Tasmania pledges salmon industry 'reset'
Tasmania's heavily scrutinised salmon industry will undergo a "reset" under a state government plan to increase land-based fish farming and operations in deeper waters.
The island's $1 billion aquaculture industry has faced increased pressure since the release of Richard Flanagan's book Toxic, which paints a bleak picture of its environmental impact.
The state Liberal government on Thursday announced it will develop a 10-year plan, to be implemented from 2023 in consultation with salmon farmers and the community.
It includes no net increase in leased fish farm areas in Tasmanian waters, plus an immediate one-year moratorium on new leases and exploration permits.
New farms could still be created in waters off Stanley and King Island in the northwest under current exploration agreements.
"This is a reset for the industry and I'm very pleased with the feedback I've received from the salmon companies themselves," Premier Peter Gutwein told reporters.
"Importantly, what this will do is ensure we can put the industry on a sustainable footing not just for the next ten years but for the longer term."
The Tasmanian Salmonid Growers Association, which represents the big three salmon companies Tassal, Huon Aquaculture and Petuna, publicly backs a plan.
A spokeswoman however flagged "robust consultation with government and its department on their plan".
The government says it will "develop new research and innovation programs to support salmon farming further offshore in deep waters, including Commonwealth waters" as well as on land.
It will also review fees and charges to "ensure full cost recovery and an appropriate return to the Tasmanian community".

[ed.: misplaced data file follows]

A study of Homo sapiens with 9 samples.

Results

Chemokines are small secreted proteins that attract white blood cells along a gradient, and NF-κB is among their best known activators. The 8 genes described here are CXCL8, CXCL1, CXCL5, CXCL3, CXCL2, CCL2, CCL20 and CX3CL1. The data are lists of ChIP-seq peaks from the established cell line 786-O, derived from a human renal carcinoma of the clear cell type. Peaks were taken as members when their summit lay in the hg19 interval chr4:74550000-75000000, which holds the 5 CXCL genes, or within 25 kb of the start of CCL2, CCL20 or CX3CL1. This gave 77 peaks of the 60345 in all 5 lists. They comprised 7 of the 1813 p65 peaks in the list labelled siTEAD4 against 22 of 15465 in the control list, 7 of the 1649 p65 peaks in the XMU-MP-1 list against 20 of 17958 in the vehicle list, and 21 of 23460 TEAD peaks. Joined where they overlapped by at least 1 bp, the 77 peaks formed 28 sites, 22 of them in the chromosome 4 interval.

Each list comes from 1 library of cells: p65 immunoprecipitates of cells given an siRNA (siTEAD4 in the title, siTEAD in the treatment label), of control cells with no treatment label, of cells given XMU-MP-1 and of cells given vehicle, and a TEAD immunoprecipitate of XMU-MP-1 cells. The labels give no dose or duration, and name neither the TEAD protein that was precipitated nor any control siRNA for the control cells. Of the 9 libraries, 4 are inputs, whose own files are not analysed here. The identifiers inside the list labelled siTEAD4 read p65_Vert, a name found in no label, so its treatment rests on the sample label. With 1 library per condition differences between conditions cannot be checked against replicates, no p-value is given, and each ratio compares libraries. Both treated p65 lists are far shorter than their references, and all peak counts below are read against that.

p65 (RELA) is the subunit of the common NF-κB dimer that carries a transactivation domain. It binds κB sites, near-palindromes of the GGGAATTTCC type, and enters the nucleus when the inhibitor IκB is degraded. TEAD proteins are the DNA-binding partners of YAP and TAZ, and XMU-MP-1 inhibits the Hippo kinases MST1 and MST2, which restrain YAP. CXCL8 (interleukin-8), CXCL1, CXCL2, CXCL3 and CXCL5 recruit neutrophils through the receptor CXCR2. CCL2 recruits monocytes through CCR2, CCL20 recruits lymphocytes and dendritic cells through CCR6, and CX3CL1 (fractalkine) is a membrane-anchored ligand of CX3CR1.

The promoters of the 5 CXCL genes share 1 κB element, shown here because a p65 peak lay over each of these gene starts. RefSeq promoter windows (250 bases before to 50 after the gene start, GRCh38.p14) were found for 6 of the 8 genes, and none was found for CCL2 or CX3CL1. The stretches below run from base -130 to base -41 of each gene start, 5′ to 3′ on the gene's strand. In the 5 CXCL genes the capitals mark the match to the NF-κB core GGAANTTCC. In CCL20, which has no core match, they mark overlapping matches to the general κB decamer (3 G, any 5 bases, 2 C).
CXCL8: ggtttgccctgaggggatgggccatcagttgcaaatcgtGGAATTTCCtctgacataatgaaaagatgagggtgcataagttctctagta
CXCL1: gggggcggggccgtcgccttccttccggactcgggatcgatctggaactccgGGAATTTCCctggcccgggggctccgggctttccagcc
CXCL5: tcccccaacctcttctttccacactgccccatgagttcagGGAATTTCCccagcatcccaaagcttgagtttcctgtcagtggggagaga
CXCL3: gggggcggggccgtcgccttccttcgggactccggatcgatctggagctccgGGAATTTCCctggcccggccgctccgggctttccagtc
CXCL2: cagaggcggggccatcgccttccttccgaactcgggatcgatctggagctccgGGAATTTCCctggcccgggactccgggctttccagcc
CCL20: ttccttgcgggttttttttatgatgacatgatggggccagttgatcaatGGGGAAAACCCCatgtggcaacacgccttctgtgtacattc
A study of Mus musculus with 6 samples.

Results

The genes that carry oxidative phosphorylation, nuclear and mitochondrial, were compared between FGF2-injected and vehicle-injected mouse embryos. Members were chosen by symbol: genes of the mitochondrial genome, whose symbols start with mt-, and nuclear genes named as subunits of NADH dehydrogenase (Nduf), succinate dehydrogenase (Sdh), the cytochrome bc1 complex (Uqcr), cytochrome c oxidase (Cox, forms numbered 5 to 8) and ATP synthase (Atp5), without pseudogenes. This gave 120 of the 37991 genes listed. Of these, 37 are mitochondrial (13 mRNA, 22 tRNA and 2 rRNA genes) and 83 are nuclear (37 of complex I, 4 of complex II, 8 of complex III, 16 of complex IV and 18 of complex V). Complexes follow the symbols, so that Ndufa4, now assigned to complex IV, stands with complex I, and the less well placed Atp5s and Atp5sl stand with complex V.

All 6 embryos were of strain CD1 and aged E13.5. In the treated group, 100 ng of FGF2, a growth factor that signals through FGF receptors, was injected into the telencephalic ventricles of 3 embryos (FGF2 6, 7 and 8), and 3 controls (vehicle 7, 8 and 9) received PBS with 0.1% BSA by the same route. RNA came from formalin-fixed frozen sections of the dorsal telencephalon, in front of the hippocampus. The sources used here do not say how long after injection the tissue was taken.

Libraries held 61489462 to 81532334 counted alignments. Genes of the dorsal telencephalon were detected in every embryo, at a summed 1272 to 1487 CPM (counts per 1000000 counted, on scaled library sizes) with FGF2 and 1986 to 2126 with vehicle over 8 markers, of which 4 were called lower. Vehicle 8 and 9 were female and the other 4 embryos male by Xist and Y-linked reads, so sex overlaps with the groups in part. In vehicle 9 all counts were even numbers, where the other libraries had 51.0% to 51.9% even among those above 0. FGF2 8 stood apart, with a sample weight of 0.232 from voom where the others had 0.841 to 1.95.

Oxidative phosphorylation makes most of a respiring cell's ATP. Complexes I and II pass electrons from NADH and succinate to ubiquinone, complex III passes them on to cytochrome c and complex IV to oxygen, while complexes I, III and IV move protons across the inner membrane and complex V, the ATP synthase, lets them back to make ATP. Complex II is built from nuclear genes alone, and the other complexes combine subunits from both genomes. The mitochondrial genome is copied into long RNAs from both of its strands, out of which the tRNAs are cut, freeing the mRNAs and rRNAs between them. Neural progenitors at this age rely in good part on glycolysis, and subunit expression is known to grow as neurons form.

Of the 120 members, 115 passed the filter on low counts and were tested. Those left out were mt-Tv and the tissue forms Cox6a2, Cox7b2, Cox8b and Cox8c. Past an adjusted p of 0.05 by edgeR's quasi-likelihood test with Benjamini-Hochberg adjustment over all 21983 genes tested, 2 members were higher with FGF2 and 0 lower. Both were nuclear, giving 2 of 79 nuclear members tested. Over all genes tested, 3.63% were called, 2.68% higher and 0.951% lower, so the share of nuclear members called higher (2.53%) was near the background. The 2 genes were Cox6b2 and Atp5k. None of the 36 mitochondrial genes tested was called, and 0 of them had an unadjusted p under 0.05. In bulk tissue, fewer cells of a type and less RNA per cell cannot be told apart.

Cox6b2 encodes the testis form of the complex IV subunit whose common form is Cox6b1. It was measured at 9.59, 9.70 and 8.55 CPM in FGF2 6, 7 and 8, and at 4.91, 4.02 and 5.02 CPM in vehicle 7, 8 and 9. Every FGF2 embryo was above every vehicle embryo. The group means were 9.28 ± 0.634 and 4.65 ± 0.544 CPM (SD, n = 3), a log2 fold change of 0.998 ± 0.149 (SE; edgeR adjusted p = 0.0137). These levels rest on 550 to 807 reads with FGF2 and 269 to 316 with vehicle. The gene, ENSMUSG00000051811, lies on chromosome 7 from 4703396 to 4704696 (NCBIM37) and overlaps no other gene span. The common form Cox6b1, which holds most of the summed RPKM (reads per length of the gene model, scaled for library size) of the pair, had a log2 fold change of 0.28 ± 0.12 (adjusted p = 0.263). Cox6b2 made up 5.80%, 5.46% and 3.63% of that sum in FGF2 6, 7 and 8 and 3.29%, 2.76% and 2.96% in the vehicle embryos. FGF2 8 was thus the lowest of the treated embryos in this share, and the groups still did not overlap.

A new position, director of fin fish compliance, will be created to better enforce compliance.
The Tasmanian Chamber of Commerce and Industry says the government has failed to consult with industry and the cap will inevitably lead to job losses.
"The immediate 12-month moratorium raises disturbing questions about sovereign risk," chamber CEO Michael Bailey said.
"I look forward to the government providing more detail about this policy change."
Tassal says the industry doesn't need more hectares in Tasmanian waters and the business is committed to working within the current salmon footprint.
Huon Aquaculture has previously stated it has no plans to expand beyond current approved lease sites.
The Greens believe the plan is a "clear admission" the government is worried about a widespread backlash against the industry and wants to save political face.
Peter George from the Tasmanian Alliance for Marine Protection says it simply gives the green light for the industry to continue as usual.
Several restaurants have pulled Tasmanian salmon from their menus in recent months, while anti-fish farm billboards have been erected in Victoria.
The salmon industry in Tasmania has a chequered past - particularly at Macquarie Harbour where farms have experienced mass disease and fish deaths and resulted in environmental degradation.
Huon Aquaculture recently posted a $128 million full-year loss due to falling salmon prices and rising freight costs.